To hear New Jersey-born balladeer Adoniz sing his song “Time” is like listening to a pick on a Quiet Storm playlist on your local R&B oldies station. There is an absence of bumping and grinding references. But, there’s plenty of romantic lines about longing, regret and emotional loss. “No more picnics by the sea/Still, I dream of a love so free”, he sings, recounting the story of a romance that’s neither out of mind, nor out of the heart.
“Tonight” brings back the sensuality from late 1990’s boy group ballads, but with the carelessness of dance music from the dawn of the 21st Century. “Get Loose” is right on “Tonight’s” tail in terms of mixing pop playfulness with a heavy R&B production.
Kreyolicious: You’re a performer, a songwriter and a producer. This is an advantage, for sure. Is it ever a disadvantage?
Being a performer, songwriter, and producer is definitely an advantage. However, it can also be my Achilles heel because I want to do everything. It’s hard sometimes to just take a backseat and let another producer or songwriter create songs for me.
Kreyolicious: I was kinda surprised when I read that your dad was one of your main supporters with your musical career. I mean, I thought it was cool that he was cool with it.
My dad is definitely a cool dude, but is still an old school Haitian. His support of my music came because I did it while not neglecting my education and he realized I was good at it, my passion for it was immeasurable. For him, when he creating an orchestra with his own money, it was to keep his children and other children from the church busy and out of trouble. At 9, he gave me a pair of drum sticks and said, “Do your thing.” I’m doing my thing.
Kreyolicious: You started off playing the drums and piano while at church. At which point did you feel that the mainstream was a sector you were very much interested in?
I thank God for my gift of music and my church for letting me showcase it. My interest in mainstream music, however, came to me in high school under the tutelage of Kenneth Cece Rogers. He gave me a mic, put me on stage and said, “Do your thing.”
Kreyolicious: Did you take any music courses while at school?
I did take some jazz piano classes though at the Newark Community School of the arts. I took music classes in school. Electives I could sleep through and still get awesome grades.
Kreyolicious: Funny! When you think back to your childhood…the elementary school years…what sort of musical genres and artists did your folks listen to the most?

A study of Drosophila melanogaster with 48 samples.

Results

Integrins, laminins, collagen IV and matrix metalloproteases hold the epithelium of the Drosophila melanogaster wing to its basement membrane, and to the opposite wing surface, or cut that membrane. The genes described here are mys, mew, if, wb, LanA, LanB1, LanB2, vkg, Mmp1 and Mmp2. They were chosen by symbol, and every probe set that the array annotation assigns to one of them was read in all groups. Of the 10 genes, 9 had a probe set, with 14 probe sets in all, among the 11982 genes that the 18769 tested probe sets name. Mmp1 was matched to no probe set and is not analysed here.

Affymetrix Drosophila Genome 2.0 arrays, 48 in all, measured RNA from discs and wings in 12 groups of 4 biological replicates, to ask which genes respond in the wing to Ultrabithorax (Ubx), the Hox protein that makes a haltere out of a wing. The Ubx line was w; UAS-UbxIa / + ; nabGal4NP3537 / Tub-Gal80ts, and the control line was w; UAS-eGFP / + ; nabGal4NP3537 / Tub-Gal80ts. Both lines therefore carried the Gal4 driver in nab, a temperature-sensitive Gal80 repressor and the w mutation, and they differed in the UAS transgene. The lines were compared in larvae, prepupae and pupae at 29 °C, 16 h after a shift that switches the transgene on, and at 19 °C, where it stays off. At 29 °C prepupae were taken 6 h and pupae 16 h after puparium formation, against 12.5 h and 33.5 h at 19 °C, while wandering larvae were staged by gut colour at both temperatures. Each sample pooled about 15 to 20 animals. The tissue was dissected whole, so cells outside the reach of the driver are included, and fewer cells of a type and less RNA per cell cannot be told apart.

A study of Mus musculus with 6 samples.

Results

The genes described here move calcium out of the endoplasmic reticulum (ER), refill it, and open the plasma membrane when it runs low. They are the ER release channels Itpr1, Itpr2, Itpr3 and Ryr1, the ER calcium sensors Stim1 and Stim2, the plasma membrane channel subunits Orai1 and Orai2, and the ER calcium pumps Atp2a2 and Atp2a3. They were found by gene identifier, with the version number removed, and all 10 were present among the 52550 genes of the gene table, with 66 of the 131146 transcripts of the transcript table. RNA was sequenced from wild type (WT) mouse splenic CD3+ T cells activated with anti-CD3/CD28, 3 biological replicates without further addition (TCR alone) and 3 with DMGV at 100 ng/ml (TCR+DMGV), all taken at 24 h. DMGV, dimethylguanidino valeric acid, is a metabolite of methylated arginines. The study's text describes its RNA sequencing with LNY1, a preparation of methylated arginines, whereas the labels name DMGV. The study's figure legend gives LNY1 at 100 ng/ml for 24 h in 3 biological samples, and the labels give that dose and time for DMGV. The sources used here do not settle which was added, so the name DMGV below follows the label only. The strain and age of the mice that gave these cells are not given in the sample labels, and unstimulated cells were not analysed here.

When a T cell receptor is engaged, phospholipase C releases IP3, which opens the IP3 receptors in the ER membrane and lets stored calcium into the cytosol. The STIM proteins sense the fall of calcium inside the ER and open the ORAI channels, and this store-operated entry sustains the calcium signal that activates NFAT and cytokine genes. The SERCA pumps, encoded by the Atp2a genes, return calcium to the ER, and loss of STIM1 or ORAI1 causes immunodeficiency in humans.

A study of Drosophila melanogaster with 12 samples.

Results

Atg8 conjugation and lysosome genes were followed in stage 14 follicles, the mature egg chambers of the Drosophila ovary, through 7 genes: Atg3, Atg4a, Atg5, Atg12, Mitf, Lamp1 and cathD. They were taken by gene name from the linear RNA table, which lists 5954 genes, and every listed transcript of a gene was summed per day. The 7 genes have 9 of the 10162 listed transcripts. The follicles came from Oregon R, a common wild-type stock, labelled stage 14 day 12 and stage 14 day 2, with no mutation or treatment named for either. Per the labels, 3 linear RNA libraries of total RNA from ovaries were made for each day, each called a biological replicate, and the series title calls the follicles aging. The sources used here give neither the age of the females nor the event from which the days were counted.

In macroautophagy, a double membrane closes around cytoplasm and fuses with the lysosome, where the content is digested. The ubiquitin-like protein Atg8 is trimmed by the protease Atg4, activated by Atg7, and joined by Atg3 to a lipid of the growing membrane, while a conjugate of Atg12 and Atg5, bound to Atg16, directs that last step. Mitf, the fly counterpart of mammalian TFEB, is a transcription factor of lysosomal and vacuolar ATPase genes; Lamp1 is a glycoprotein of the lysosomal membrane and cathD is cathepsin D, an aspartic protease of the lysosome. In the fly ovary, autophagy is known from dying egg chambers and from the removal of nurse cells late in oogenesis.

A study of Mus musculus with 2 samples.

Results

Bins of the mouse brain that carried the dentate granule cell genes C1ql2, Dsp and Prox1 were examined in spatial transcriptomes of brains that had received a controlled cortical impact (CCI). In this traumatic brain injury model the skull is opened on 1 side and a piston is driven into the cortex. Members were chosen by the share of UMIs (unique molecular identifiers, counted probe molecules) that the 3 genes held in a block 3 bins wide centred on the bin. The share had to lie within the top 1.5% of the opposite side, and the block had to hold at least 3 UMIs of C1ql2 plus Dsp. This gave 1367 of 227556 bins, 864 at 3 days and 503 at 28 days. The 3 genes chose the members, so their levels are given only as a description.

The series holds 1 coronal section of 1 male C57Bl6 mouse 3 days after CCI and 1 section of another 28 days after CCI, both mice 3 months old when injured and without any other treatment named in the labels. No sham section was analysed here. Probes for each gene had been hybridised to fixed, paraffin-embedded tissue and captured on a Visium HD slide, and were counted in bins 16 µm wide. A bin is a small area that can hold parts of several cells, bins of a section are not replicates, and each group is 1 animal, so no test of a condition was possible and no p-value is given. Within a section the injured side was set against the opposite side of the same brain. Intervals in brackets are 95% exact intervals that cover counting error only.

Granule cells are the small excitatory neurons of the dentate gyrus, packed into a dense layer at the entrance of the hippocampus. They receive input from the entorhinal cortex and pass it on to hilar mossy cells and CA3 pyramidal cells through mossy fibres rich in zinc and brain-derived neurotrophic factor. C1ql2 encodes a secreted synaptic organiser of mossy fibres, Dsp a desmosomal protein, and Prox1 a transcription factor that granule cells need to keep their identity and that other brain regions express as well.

Thinking back to my childhood my parents listened to artists like Kenny Rogers, Lionel Richie, Stevie Wonder, and of course Michael Jackson.
Kreyolicious: Do you think that had a bearing on your own artistry?
Yes, I do. I think it had bearing on my own artistry because it planted a profound appreciation for the classic artists whose music is loved today and will be loved for days to come.
Kreyolicious: What was your first stage performance like?
My first stage performance was nerve wrecking. I was confused, forgot all my words, I hummed all the verses and turned up on the hooks [Laughter].
Kreyolicious: Looking back now, how do you feel about it?
How I felt about it? Let’s just say it was an experience. [Laughter]
Kreyolicious: Growing up in New Jersey…were you influenced at all by local bands and acts?
I grew up in church under Wyclef Jean, Jerry Wonder, Joe and a few other members in the Refugee Camp. That had great influence on me. Watching these guys play and learning the essence of music from them and then watching them make it was inspiring to my own career.
Kreyolicious: Cool…Now with a song like “Tonight”…how did it come about?
”Tonight” is a fun song and its origin came from just wanting to have fun.
Kreyolicious: “Get Loose” was among one of your first singles. How did that one originate?
“Get Loose”—that’s my jam song. [humming the melody] The energy of that song is the reason why we made it the single. It’s fun, musical and relatable—all in the same breath. It has elements of pop, R&B, dance, hip-hop and trance. Something for everyone. The only thing I didn’t do to that record was throw the kitchen sink at it. [Laughter]
Kreyolicious: A lot of artists go around with creative journals and recorders. Have you ever been caught off guard creatively…like you got this really awesome idea for a melody or a verse…things started flowing, and no journal or recorder was in sight…and the inspiration just died?
I never got into the habit of carrying a creative journal, so—trust and believe—I’ve forgotten more ideas then I’ve created. [Laughter] However, if an idea was burning a hole in my brain and I wasn’t in the studio, I’d leave myself a voicemail or make use of the voice note apps in my phone.
Kreyolicious: Your interest in music begun as a nine-year-old. What if you were approached by a precocious nine-year-old right now…and was asked: “Gee, Adoniz, how do I perfect my craft?” Your answer would be…
My answer would be, “Wax on wax off”, and walk away with the ill serious face. [Laughter] Sike, nah. I’d tell that precious nine-year-old [that] the only way to perfect your craft is to be true to the passion you have for that craft and be consist in consistently working at the things that make your craft special.
Kreyolicious: Good advice…How do you stay connected to Haitian culture?
I stay connected to my culture by making sure my Creole is untouchable. I’m a beast. I love griyo. OMG, I’m such a fat kid ohhhhh and lanbi, kremas, lalo, djonjon, mabi, and the list goes on. Yeah, I stay connected through the food. [Laughter]
Kreyolicious: Is Haiti a place you go to often?
Haiti is an amazing and beautiful country. I need to visit more.
Kreyolicious: What’s next for Adoniz?
What’s next? Adoniz is going to continue on with expanding his musical space and fan base. New projects on the horizon—in and outside—of music.